Data Ethics Club meeting 22-11-23, 1pm UK time#
You’re welcome to join us for our next Data Ethics Club meeting on Wednesday 22nd November at 1pm UK time. You don’t need to register, just pop in.
At Data Ethics Club this week, we’ll be discussing a Perspective paper, “The case for information fiduciaries: The implementation of a data ethics checklist at Seattle Children’s Hospital”, published in the Journal of the American Medical Informatics Association in November 2020. The paper outlines the importance of ethical data practices in healthcare, and highlights the need for a checklist to evaluate ethical concerns for projects and studies. The evaluation checklist consists of eight questions, divided into the four following categories:
Potential Privacy Issues
Potential Bias and Equity Issues
Potential Transparency and Measurement Issues
Potential overall issues
The authors also put together a set of recommended Best Practices for data ethics management:
All data personnel undergo specialized ethical training devoted to understanding the risks and potential harms inherent in data product development.
All new product development is accompanied by standardized ethical review, such as the data ethics checklist demonstrated here.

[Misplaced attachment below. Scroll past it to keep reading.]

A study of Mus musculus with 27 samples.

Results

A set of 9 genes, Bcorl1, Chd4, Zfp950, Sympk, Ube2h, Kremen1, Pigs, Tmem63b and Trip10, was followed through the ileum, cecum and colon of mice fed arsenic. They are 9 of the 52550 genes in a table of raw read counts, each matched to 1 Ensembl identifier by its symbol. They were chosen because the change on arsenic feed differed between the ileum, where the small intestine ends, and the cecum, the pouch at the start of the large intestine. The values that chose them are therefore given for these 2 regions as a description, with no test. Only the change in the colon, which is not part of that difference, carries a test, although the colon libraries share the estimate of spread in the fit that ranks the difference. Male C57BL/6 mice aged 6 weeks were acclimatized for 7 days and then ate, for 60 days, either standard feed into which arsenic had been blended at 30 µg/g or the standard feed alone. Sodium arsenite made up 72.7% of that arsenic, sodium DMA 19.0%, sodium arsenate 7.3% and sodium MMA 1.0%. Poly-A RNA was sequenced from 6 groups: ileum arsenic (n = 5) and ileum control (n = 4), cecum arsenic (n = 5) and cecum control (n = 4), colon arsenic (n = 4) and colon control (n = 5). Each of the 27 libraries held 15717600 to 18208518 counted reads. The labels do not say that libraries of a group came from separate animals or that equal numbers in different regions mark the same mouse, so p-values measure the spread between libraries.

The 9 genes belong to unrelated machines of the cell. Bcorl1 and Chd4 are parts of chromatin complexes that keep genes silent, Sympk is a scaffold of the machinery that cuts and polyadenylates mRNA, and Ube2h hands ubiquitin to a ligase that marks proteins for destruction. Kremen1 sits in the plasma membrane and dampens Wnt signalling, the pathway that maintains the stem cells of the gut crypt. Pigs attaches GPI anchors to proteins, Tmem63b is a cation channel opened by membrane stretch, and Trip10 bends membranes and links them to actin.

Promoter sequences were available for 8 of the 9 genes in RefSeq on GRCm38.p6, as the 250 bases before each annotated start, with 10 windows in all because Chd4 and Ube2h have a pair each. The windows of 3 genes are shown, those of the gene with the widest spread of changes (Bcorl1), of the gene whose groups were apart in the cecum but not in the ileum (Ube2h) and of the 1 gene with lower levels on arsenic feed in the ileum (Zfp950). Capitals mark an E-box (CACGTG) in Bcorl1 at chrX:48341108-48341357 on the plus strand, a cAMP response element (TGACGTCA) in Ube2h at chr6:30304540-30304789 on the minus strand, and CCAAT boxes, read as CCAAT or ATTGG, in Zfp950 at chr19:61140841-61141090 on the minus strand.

Legacy data products be evaluated for ethical implications upon review, upgrade, or revision.
Specific, project-relevant ethical guidance is provided when rating development of new data products, and encourages personnel to consider their own implicit biases and the potential for algorithmic bias (ie, the potential for disparate outcomes).
Hospitals empanel Data Ethics Committees that function as information fiduciaries and provide support for ethical questions. These committees can escalate issues to IRBs, Bioethics teams, or other formal ethical oversight systems.
There will be time to talk about whatever we like, relating to the paper, but here are some specific questions to think about while you’re reading.
Do the paper and the checklist effectively address the ethical considerations data users should consider when collecting and processing health data?
Do you think the Best Practices described in the paper would be effective for managing data ethics in healthcare?
Can paediatric healthcare data effectively be used to inform data ethics across all branches of healthcare?
Should data scientists and analysts involved in healthcare be considered “Information Fiduciaries”?
Paper outline and discussion points by Amy Joint.